One video used to make this episode, Unlawful Killing, is effectively banned in UK/US - You may wish to seek legal advice before broadcasting it in these countries.
|⇦|| Episode #680 - Unlawful Killing
(Secrets of the UK and US Establishments)
|⌚ Sat 8 February 2014 ☻Nafeez Ahmed, Sibel Edmonds|
Download Hour1 Download Hour2 Our title piece is an adaptation of the banned film, Unlawful Killing, about what the jury decided was the "unlawful killing" of Lady Diana Spencer, who wrote in letter that her husband was planning a car "accident" for her. A legal document to the same effect was hidden for years by the UK's top police officer, who, far from being disciplined, was made a life peer. We conclude with an interview of Sibel Edmonds by Nafeez Ahmed on murky busine$$ of the US establishment surrounding Sep 11th.
Perhaps you have heard about the remarkably slow treatment that the Diana received after the accident - that she was left sitting in the undamaged back of the car for over half an hour and that the ambulance driver waited over half an hour before setting off to hospital, eventually arriving over an hour and a half at the hospital. But did you know that before her death, Diana reported to a friend being threatened that "accidents could happen", had suggested to many people that she would be killed by the establishment.
|...my husband is planning an "accident" in my car. Brake failure & serious head injury...|
— From a handwritten letter by Lady Diana to her butler in October 1995, kept secret for years
That letter was initially not disclosed, and a memo of similar purport written by her lawyer (the Mishcon note) was kept secret for 6 years, including 3 years in the custody of Lord Condon, then the commissioner of the Metropolitan police - i.e. the most senior policeman in UK. In 2012 Condon gave evidence to an inquiry by French Lawyer Gerard Caddeo in this matter, but faces no such censure from the UK establishment - in 1999 the Queen made Condon a life peer. No Royals testified before the court and newspapers sent their 'royal correspondents' - who generally need to cultivate friendly relationships with the UK royals to keep their jobs.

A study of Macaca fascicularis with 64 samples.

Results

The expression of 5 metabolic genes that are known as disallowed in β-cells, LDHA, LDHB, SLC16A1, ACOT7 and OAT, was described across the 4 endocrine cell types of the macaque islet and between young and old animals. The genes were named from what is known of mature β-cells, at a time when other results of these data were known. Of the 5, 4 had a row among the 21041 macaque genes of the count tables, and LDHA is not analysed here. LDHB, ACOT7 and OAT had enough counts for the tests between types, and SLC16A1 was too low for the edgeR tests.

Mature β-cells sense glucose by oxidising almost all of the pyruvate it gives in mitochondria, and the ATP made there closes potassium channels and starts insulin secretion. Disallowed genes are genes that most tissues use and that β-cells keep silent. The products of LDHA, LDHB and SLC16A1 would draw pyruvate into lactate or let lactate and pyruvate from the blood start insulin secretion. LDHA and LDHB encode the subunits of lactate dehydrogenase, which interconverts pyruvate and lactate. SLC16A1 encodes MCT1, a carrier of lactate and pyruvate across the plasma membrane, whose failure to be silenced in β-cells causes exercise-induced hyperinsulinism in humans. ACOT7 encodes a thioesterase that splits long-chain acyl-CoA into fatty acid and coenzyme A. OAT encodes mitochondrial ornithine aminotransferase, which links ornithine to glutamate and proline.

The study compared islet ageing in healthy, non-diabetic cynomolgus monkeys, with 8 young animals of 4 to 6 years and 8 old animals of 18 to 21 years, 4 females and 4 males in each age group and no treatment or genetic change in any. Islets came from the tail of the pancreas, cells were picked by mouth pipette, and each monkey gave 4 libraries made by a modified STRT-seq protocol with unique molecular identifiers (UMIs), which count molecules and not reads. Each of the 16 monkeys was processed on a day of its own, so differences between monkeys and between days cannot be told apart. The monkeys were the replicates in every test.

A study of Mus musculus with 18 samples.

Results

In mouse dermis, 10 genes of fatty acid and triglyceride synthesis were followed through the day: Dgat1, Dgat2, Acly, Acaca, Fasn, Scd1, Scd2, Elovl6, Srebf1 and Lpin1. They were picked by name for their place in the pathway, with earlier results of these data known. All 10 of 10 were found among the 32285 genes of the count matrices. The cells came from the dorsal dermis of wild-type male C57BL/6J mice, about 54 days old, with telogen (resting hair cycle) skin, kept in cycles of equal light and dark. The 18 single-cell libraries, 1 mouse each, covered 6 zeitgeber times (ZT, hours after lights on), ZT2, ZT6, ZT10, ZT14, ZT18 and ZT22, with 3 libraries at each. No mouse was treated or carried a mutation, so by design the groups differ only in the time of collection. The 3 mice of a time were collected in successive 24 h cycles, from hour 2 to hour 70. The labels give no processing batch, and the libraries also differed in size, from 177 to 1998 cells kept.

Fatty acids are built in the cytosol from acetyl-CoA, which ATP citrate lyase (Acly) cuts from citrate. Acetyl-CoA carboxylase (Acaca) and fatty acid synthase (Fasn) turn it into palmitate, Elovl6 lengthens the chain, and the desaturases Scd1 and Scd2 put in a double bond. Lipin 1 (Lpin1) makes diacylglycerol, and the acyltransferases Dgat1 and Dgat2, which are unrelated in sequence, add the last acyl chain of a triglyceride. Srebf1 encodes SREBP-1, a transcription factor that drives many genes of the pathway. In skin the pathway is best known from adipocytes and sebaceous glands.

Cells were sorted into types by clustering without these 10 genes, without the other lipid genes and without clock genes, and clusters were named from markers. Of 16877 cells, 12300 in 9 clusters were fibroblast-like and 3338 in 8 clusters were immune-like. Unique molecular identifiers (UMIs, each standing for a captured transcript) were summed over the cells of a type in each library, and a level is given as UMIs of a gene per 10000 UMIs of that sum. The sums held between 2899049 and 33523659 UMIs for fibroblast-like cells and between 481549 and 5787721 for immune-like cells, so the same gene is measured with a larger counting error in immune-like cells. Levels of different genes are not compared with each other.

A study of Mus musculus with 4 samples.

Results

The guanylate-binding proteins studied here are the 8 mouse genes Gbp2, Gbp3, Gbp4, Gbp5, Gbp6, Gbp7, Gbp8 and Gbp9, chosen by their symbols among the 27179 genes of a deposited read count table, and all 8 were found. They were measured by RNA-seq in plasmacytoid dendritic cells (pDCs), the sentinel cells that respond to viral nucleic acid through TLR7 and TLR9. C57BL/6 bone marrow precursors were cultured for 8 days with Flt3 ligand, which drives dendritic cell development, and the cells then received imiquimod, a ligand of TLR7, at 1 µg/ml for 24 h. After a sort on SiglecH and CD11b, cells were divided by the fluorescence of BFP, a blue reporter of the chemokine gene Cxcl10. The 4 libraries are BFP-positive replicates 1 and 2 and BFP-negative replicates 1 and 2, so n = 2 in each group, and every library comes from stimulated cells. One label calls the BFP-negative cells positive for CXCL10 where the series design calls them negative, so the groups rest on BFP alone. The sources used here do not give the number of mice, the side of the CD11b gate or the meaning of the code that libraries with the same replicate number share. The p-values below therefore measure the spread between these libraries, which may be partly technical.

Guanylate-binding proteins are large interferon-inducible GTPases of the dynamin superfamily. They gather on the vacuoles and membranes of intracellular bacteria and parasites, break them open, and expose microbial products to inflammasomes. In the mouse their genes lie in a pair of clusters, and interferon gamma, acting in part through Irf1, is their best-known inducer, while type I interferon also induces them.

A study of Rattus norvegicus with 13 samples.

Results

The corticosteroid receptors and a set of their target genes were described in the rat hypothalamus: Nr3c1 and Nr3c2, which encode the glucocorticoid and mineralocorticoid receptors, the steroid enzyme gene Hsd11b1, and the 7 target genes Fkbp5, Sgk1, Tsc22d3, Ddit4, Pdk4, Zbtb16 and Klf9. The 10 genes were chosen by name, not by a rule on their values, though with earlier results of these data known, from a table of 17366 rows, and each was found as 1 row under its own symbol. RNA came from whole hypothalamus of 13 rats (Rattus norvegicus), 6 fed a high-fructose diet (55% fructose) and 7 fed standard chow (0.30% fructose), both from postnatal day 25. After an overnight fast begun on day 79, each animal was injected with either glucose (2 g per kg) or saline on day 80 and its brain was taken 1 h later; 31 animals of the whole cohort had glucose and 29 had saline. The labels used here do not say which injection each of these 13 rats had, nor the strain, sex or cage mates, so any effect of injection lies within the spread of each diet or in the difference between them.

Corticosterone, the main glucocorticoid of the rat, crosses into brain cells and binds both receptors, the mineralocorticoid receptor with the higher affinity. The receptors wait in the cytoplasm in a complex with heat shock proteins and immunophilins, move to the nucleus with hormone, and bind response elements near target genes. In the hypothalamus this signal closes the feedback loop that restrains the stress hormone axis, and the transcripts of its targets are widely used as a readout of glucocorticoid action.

The main focus of the film is the inquest itself; rather then engaging in a lot of speculation about who might have killed Diana, Keith Allen is content to assemble evidence that the so-called inquest was in fact an orchestrated cover-up. Nevertheless, the film does note the obvious disquiet of the Royal family about Diana's behaviour - they termed her a 'loose cannon' - and that Diana's killing occurred just 3 weeks before the Oslo Landmine Conference, which was threatening to ban the use of anti-personnel landmines, so implicitly fingering an elite group within the upper echelon of the UK establishment, who could draw on the resources of the secret services.
The film makes the extraordinary claim that all the scientists (Professors Robert Forrest, Atholl Johnston, John Oliver & Peter Vanezis) who were involved in the inquest about the blood test of the driver signed a joint statement that the results were "biologically inexplicable". I have been unable to find clear verification of this, although the statement is widely attributed to Robert Forrest. The French toxicologist who provided the analysis is widely agreed to have have contradicted herself and was protected by the French government, who granted her exemption from the legal duty to be questioned at the inquest, allowed only for reasons of public order or national security.(http://www.justice.gouv.fr/bulletin-officiel/dacg76d.htm)The adaptation continues into our second hour. We conclude with a 40 minute interview of Sibel Edmonds by Nafeez Ahmed on her gagging by the US establishment keen to suppress facts relating to Sep 11th.
Thanks to Dean Puckett for the Nafeez Ahmed & Sibel Edmonds interview and to Keith Allen for the film.